Jellyfish announced the launch of Jellyfish Benchmarks, a way to add context around engineering metrics and performance by introducing a method for comparison.
Backblaze announced a new partnership with Vultr, the largest privately-owned global hyperscale cloud, to provide developers with a simple, enterprise-grade alternative for cloud computing resources outside the monolithic Amazon, Google, or Microsoft ecosystems.
Developers now have the ability to do more with data stored in Backblaze B2 Cloud Storage by connecting to Vultr’s elastic compute resources—providing a simple, developer-friendly alternative to Amazon S3 and EC2. Development, DevOps, and IT teams can furthermore tap into Vultr’s load balancers and block storage services to seamlessly replace Amazon Elastic Load Balancing (ELB) and Elastic Block Storage (EBS). All with free egress between the Backblaze and Vultr platforms.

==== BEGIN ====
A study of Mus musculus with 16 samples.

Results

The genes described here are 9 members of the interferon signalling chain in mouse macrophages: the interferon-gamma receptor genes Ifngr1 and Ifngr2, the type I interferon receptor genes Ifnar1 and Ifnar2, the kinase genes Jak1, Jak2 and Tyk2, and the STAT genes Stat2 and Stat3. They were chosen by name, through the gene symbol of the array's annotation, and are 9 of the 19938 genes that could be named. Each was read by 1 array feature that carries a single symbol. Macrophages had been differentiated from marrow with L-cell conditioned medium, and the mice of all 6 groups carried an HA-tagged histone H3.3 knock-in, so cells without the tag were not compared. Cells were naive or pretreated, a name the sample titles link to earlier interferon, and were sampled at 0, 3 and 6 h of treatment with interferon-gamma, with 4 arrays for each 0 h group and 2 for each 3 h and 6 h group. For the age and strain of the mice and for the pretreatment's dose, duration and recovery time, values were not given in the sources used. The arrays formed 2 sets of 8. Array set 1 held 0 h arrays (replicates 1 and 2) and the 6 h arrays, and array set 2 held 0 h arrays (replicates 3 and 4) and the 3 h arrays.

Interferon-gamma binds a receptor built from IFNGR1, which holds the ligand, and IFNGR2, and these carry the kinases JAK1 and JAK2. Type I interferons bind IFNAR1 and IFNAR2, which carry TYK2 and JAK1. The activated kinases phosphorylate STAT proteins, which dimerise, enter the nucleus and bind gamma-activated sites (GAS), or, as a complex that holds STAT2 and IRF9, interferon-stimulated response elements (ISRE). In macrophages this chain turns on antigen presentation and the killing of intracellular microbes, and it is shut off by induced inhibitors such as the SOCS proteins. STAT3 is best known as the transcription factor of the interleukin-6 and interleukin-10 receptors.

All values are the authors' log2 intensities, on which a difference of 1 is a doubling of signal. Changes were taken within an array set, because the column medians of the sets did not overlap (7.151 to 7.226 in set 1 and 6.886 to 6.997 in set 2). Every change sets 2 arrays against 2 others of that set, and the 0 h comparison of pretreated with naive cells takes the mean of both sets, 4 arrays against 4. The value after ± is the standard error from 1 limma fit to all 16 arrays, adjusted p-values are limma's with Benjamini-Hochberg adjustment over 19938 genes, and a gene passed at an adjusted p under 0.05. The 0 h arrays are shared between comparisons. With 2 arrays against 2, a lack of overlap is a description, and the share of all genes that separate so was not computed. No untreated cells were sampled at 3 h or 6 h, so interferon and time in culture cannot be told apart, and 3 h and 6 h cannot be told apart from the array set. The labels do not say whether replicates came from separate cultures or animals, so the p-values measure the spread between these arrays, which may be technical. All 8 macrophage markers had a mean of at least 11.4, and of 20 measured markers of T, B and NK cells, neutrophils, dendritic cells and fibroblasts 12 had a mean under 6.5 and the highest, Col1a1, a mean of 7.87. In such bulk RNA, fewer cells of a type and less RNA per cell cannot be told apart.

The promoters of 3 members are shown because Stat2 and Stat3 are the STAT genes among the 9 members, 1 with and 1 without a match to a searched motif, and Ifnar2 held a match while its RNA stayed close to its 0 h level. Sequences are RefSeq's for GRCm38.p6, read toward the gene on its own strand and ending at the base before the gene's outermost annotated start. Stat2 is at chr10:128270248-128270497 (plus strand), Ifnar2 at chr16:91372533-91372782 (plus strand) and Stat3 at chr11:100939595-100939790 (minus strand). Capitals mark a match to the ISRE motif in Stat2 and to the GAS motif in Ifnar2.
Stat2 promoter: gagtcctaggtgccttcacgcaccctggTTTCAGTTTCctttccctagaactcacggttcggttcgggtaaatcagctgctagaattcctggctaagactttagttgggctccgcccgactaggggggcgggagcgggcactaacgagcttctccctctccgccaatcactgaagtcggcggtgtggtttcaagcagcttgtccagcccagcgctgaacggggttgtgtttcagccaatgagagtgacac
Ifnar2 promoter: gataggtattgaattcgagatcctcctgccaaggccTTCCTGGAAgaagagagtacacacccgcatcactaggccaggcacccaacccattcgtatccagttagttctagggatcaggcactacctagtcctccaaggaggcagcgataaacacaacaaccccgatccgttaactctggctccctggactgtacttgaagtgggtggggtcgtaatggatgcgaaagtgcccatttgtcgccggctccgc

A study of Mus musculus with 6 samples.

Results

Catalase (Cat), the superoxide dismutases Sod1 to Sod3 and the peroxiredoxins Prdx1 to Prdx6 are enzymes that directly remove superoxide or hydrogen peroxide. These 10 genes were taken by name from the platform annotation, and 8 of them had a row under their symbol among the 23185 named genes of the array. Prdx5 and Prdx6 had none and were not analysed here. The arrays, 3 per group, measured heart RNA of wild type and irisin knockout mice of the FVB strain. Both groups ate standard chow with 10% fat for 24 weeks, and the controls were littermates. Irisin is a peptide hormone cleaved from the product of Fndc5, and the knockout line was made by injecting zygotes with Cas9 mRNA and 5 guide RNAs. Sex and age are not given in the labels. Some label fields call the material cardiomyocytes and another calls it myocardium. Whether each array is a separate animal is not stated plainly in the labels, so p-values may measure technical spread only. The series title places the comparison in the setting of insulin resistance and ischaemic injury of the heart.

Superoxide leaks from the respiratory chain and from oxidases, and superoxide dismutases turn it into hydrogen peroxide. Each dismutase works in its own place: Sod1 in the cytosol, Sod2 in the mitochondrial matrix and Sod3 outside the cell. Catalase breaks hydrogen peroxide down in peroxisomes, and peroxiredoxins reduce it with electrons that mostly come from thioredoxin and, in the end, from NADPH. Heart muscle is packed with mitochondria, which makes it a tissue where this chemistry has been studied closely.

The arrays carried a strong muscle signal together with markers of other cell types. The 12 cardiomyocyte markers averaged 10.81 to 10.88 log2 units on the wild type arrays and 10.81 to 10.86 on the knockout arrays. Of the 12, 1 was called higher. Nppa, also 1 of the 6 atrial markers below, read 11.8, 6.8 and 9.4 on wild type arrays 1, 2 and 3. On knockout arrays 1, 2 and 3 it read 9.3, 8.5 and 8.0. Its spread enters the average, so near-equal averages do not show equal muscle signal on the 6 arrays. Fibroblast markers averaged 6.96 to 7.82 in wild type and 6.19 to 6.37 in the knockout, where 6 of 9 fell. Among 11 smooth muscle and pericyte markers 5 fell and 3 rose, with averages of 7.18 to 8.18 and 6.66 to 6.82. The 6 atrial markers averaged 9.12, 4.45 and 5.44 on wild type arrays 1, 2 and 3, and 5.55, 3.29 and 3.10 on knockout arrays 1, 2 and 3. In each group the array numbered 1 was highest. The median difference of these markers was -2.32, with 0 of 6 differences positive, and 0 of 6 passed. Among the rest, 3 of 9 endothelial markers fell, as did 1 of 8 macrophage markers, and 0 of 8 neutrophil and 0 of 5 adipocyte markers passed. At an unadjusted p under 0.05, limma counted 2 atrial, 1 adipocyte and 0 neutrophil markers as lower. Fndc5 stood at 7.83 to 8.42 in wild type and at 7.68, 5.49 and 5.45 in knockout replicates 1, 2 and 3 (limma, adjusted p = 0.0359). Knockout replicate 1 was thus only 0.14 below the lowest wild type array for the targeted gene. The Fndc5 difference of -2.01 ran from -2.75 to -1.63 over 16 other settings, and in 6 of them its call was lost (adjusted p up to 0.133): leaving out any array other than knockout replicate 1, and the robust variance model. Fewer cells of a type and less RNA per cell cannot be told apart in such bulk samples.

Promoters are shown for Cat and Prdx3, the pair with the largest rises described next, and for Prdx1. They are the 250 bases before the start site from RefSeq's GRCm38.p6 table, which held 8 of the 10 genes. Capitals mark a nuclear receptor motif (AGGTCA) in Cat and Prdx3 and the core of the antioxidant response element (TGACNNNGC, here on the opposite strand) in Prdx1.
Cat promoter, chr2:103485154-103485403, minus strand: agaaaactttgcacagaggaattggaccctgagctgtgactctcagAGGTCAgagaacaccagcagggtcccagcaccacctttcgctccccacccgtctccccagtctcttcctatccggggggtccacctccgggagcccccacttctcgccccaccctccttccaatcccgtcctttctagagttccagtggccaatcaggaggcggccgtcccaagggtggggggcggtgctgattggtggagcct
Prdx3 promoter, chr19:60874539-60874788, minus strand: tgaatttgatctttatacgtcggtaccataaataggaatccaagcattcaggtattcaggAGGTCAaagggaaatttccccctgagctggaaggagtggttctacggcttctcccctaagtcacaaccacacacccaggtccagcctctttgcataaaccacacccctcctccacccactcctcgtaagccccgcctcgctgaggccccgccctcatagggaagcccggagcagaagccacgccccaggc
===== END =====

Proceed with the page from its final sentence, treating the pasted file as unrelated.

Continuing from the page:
The partnership offers developers:
- Ability to do more, more flexibly and more easily, with data.
- Proven cloud services at a fraction of the cost of monolithic providers.
- Peace of mind working with independent, unconflicted cloud service providers.
“Scalable cloud storage and compute are necessities for most modern applications,” said Nilay Patel, VP of Sales and Partnerships at Backblaze. “With Backblaze and Vultr together, it’s no longer a necessity for organizations to tolerate vendor lock-in, complexities, and costs that have traditionally come with legacy options.”
Vultr has served more than 1.3 million customers, with more than 40 million instances deployed across 17 global locations. Beyond its reliability and global reach, Vultr’s ease of use and affordability help make it a credible and attractive cloud computing alternative to the Big 3 hyperscale clouds.
"The Backblaze-Vultr partnership means more developers can build the flexible tech stacks they want to build, without having to make needlessly tough choices between access and affordability," said Shane Zide, VP of Global Partnerships at Vultr. "When two companies who focus on ease-of-use and price-performance make their technologies work together, the whole is greater than the sum of the parts."